What to Do About a Burn During Pregnancy


You know the feeling. You’re tired and you didn’t get a good night’s sleep. Or you are in the third trimester and you feel a bit off balance. A one-second distraction and you’ve accidentally spilled hot coffee on your knee or you grabbed the hot handle of the skillet without a potholder.

What should you do if you accidentally burn yourself? Knowing the proper first aid for a minor burn can help you deal with the situation quickly. You should also know when a burn isn’t minor, and you need to see a doctor.

A burn is damage to the skin and other tissue. We tend to think of burns as injuries from fires, hot objects, hot liquids, or steam, but a burn can also be caused by accidents with chemicals or electricity.

According to MedlinePlus, burns are divided into three categories based on their severity. A first-degree burn affects only the top layer of skin, where the skin becomes red and sore. The classic example of a first-degree burn is a sunburn.

In a second-degree burn, the damage extends deeper into the skin. The skin becomes red and blisters form. A small second-degree burn is usually considered a minor injury, but a second-degree burn over a large area is serious. Second-degree burns can be painful and can become infected when the blisters break open.

In third-degree burns, the full thickness of the skin is damaged. All third-degree burns are serious and require immediate medical attention.

When to Seek Immediate Help

According to the Mayo Clinic, you should call 911 or seek immediate medical care for a major burn, which is when:

  • The skin appears to be charred or has patches of white, brown, or black.
  • The burn is deep
  • The burn is larger than 3 inches wide, which is about the width of the palm of your hand.
  • The burn is large and is on your hands, feet, face, genitals, buttocks, or on a major joint.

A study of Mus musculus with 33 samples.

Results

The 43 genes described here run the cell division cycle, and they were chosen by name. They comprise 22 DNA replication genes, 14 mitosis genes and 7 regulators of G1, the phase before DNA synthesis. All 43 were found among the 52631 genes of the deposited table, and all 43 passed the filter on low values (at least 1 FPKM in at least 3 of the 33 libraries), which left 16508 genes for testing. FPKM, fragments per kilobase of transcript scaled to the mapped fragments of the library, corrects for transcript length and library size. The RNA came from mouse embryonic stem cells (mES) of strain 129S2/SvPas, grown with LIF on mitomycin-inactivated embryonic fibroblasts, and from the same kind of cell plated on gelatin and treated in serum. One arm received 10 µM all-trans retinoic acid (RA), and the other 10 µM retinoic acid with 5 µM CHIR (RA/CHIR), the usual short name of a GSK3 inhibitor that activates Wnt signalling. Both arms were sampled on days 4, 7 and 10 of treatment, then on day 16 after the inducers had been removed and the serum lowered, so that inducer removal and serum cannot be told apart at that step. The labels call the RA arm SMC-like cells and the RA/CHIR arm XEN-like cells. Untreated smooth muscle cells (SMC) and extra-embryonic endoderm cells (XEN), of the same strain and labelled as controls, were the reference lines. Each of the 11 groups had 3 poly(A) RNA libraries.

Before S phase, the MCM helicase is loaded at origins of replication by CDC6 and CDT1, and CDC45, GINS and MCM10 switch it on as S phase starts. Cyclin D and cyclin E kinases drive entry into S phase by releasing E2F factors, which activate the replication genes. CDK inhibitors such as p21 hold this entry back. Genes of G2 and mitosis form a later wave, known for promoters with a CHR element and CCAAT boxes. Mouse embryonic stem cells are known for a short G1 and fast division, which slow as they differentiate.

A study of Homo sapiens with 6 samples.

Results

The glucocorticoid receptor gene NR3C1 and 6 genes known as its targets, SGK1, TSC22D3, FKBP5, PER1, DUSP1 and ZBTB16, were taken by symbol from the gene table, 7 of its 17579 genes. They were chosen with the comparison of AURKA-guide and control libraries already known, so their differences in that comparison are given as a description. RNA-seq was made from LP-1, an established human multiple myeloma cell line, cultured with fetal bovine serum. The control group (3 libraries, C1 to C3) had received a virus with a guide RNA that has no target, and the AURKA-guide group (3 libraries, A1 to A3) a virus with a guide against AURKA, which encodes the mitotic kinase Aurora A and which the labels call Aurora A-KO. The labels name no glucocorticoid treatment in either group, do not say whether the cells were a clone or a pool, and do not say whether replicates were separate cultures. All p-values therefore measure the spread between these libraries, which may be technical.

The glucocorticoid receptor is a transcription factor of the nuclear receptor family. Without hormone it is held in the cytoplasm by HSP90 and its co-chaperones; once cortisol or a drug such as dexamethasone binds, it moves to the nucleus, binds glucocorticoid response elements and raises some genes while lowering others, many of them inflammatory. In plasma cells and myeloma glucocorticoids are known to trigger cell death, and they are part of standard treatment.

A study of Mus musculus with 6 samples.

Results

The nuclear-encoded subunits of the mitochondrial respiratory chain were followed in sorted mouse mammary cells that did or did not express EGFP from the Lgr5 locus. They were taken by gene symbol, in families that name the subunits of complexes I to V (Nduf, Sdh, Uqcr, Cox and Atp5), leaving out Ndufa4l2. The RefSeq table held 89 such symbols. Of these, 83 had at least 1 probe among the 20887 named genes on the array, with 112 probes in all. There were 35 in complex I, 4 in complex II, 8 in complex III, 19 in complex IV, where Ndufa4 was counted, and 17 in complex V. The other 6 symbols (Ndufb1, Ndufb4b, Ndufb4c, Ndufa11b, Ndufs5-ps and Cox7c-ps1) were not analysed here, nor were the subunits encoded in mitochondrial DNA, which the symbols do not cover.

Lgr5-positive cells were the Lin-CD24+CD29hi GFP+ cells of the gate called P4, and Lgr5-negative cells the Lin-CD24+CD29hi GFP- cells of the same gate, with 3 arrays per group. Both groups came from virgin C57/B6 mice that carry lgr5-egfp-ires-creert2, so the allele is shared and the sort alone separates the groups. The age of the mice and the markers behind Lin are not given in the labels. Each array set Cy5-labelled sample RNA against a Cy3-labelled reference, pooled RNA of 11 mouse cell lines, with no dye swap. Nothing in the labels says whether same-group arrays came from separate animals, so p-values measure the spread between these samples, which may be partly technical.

Don’t base your decision to seek emergency help on whether the burn feels painful. A bad burn may be painless because it has damaged the nerve endings in the skin that register pain.

A burn that is red or blistered and is less than the size of the palm of your hand does not require emergency attention. However, if the burn starts to look infected, see your doctor. Symptoms of an infection include increased pain, redness, and swelling in the area, and a fever.

Burn First Aid

The first step in treating a minor burn is to cool it down. Hold the burned area under cool running water for several minutes. If you can’t put the burned area under running water, put a cool, clean wet cloth on it and change or rewet the cloth when it isn’t cool anymore.

The area with the burn may swell, so remove any rings, watches, or other jewelry and loosen any tight clothing.

For a small second-degree burn with blisters, cool the burned area in running water. Then cover the burn with a gauze bandage or a clean cloth. Don’t use fluffy cotton on a burn. Use a nonstick bandage and hold it on with tape. If you use an adhesive bandage, use one that has a center, nonadhesive section that is bigger than the burn. Don’t apply butter and don’t use any lotions or creams that have a fragrance. Once the burn is cool, you can use aloe vera or a product made to treat burns.

Change the bandage every day. Make sure to keep the burned area clean.

For a sunburn or other first-degree burn, there are over-the-counter products that numb the burn, which can make you more comfortable.

If blisters form, do not break them or puncture them. Blisters help prevent a burn from becoming infected. If the blister breaks on its own, gently wash the area with clean water and apply an antibiotic ointment.

If the burn is painful, you can take an over-the-counter pain reliever such as aspirin, acetaminophen (Tylenol), ibuprofen (Advil or Motrin), or naproxen (Aleve). Talk to your obstetrician or midwife before you take aspirin or ibuprofen.

Valerie DeBenedette
Valerie DeBenedette is an experienced health and medical writer who lives about an hour north of New York City with a dog that is smaller than her cat. Her work has appeared in magazines, newspapers, newsletters, and on websites. She is a member of the National Association of Science Writers.